MayView clinics to merge with Ravenswood, ending 47 years of operation | News | Almanac Online |


Transition unlikely to affect patients, and could ease long-standing financial challenges

The MayView network of north Santa Clara County clinics serving low-income families will be under new management next year, owned and operated by the San Mateo County-based nonprofit Ravenswood Family Health Center.

MayView Community Health Center, which has provided care for needy patients in Santa Clara County since the 1970s, has reached a deal in which all of its assets, employees and operations will be transferred to Ravenswood by next April. The name "MayView" might continue to be used for clinics located in Palo Alto, Mountain View and Sunnyvale, but the deal largely ends the nonprofit's long tenure as north Santa Clara County's health care safety net.

Ravenswood CEO Luisa Buada said the merger, which will be subject to a vote by the boards of directors of both organizations this week, is the best path forward for MayView's patients. Nonprofit clinics are difficult to operate on a balanced budget while serving an ever-increasing number of uninsured and underinsured patients, she said, particularly with limited reimbursement rates and high physician salaries in the Bay Area.

Consolidating the clinics into one larger organization is one way to get around those challenges, Buada said.

"The stresses MayView has had in the past are going to be a thing of the past," she said. "So the focus will be on patient care delivery and expanding services."

MayView serves more than 9,000 patients each year, the majority of whom are Mountain View and Sunnyvale residents. There are no county-operated health clinics in northern Santa Clara County, leaving organizations like MayView and Planned Parenthood to fill the gap. After the transition, Ravenswood is expected to serve a combined 27,000 patients with a little over 100,000 patient visits each year, according to MayView CEO Ken Graham.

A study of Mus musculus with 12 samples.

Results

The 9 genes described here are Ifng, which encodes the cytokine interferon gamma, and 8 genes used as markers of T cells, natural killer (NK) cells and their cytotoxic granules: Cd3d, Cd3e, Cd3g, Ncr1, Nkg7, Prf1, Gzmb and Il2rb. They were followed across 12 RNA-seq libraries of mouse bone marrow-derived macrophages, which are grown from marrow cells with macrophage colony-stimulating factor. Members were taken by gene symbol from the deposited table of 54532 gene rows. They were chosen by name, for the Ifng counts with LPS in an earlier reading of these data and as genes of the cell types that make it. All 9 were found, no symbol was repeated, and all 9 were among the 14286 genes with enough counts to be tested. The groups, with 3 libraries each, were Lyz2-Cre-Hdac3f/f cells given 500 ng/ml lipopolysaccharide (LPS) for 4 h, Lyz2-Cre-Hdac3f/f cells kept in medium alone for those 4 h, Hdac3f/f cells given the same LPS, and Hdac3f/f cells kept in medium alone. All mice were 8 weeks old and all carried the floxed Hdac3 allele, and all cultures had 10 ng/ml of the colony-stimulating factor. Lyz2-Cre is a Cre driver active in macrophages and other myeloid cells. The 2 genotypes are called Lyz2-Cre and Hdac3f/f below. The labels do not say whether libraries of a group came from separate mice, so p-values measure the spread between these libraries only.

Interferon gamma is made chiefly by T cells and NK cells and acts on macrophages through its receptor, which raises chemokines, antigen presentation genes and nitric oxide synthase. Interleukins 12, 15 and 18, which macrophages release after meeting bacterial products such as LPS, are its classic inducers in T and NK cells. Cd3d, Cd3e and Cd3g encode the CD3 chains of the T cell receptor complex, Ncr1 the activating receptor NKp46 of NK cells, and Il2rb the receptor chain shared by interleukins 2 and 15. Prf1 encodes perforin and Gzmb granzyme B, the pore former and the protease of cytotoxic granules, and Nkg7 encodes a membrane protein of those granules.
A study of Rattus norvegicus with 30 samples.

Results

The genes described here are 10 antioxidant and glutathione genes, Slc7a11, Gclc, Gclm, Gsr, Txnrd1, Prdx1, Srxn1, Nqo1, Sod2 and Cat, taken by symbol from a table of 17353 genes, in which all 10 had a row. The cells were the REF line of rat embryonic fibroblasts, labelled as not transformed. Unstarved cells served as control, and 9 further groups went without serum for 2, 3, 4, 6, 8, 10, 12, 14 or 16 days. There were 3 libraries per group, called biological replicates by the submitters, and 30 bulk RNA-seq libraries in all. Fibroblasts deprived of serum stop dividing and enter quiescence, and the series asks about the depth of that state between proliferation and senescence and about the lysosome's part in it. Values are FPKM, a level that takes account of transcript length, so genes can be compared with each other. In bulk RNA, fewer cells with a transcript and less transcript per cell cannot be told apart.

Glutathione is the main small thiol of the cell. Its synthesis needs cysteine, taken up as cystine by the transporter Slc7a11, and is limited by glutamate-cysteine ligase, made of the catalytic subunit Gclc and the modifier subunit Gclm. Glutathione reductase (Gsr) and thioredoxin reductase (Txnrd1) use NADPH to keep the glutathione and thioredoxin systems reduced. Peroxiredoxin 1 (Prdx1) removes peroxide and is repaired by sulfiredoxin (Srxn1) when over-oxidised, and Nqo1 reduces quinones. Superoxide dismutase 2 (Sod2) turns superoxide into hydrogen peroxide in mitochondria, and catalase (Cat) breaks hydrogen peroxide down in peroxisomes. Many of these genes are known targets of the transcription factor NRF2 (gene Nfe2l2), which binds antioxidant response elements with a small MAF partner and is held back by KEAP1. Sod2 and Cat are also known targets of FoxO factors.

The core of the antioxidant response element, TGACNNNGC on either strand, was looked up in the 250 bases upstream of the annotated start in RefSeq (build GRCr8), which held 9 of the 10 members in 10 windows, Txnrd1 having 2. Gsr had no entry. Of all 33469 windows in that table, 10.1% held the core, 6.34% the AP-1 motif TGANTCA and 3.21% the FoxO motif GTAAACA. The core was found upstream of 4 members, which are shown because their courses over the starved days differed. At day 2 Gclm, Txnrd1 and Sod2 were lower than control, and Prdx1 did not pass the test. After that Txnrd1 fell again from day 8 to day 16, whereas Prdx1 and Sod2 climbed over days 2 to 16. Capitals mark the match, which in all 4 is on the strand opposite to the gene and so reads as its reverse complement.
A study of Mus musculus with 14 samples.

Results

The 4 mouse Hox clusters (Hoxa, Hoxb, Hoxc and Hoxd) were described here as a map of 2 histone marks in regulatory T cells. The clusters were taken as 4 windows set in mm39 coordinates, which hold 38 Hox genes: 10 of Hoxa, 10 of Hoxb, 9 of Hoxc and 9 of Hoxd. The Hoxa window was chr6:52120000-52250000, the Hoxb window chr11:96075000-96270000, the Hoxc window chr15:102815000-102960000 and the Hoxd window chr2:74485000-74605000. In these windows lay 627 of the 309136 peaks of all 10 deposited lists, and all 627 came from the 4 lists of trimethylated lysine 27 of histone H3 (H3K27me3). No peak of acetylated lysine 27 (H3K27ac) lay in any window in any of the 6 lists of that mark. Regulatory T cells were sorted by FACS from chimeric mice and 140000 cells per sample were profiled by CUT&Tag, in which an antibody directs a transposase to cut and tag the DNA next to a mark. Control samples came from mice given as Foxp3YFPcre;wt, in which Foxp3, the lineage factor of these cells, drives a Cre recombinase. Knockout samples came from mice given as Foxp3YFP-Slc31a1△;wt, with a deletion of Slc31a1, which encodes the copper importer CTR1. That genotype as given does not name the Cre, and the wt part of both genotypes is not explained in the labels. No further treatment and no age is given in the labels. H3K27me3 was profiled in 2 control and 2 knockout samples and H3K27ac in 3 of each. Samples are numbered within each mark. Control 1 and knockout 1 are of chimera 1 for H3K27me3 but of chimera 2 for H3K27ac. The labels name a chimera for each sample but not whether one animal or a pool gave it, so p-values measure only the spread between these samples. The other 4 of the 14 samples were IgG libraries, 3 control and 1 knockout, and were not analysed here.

MayView has struggled in past years to stay solvent in a difficult health care market, and there are a lot of forces that make consolidation a tempting option. Perhaps the most important factor is that Ravenswood is a Federally Qualified Health Center (FQHC), granting it a line of federal funding to provide health services in underserved areas.

Graham said he believes that Ravenswood's taking over the MayView clinics will "unify" the safety net across county boundaries -- Ravenswood's flagship clinic is located in East Palo Alto in San Mateo County -- and will mean better services for patients and stronger organizational support for staff.

Buada said the merger makes sense, given that both organizations have fought to provide health care to underrepresented and marginalized residents, with special considerations for cultural competency in diverse communities. Unlike what might happen under a corporate merger, which often brings layoffs and major restructuring, Buada said, the transition should be smooth and patients shouldn't see much of a difference.

Under the current plans, the staffing at all three of MayView's clinics will remain the same, and patients who can't afford the full cost of care will still be eligible to pay a reduced fee on a sliding scale based on income. Even the IT and electronic health records should be relatively easy to combine, as MayView and Ravenswood use the same providers.

Subsidized health care for needy residents has gone through major shifts in Mountain View in recent years. In 2016, the Mountain View RotaCare clinic on Grant Road shut down, forcing hundreds of patients who relied on its free services to transfer to MayView. Now, all patients of MayView will be transferred to Ravenswood.

To assist in the transition, the Santa Clara County Board of Supervisors is scheduled Tuesday to vote on providing MayView $625,000 in bridge funding for financial support through the end of March. The money will allow MayView to continue to provide health care services to patients during the "orderly transition of patients and patient care from MayView to Ravenswood," according to a county staff report.

MayView serves 200 uninsured patients per month -- the second-highest of all health centers in the county -- in addition to Medi-Cal patients who would otherwise have to travel to Milpitas or Sunnyvale for care.

In a statement, Santa Clara County Supervisor Joe Simitian called the funding a critical stopgap measure to ensure that MayView's services continue in the lead-up to the merger. Assuming the plan goes forward, he said, the organization will be assuming a vital role in health care that MayView has filled for decades.

"MayView has been an invaluable partner in the North County for almost half a century," Simitian said in the statement. "And we are so excited that Ravenswood will continue to carry the torch that MayView lit 47 years ago."

The funding agreement also stipulates that, if the acquisition doesn't happen for some unforeseen reason, the county will have "first right of refusal" to acquire the three MayView sites.

Precise details on a MayView-Ravenswood merger, including how to integrate a portion of MayView's board of directors into Ravenswood's organizational structure, have yet to be determined. Graham said it's unclear what role he might have at Ravenswood once the merger is complete.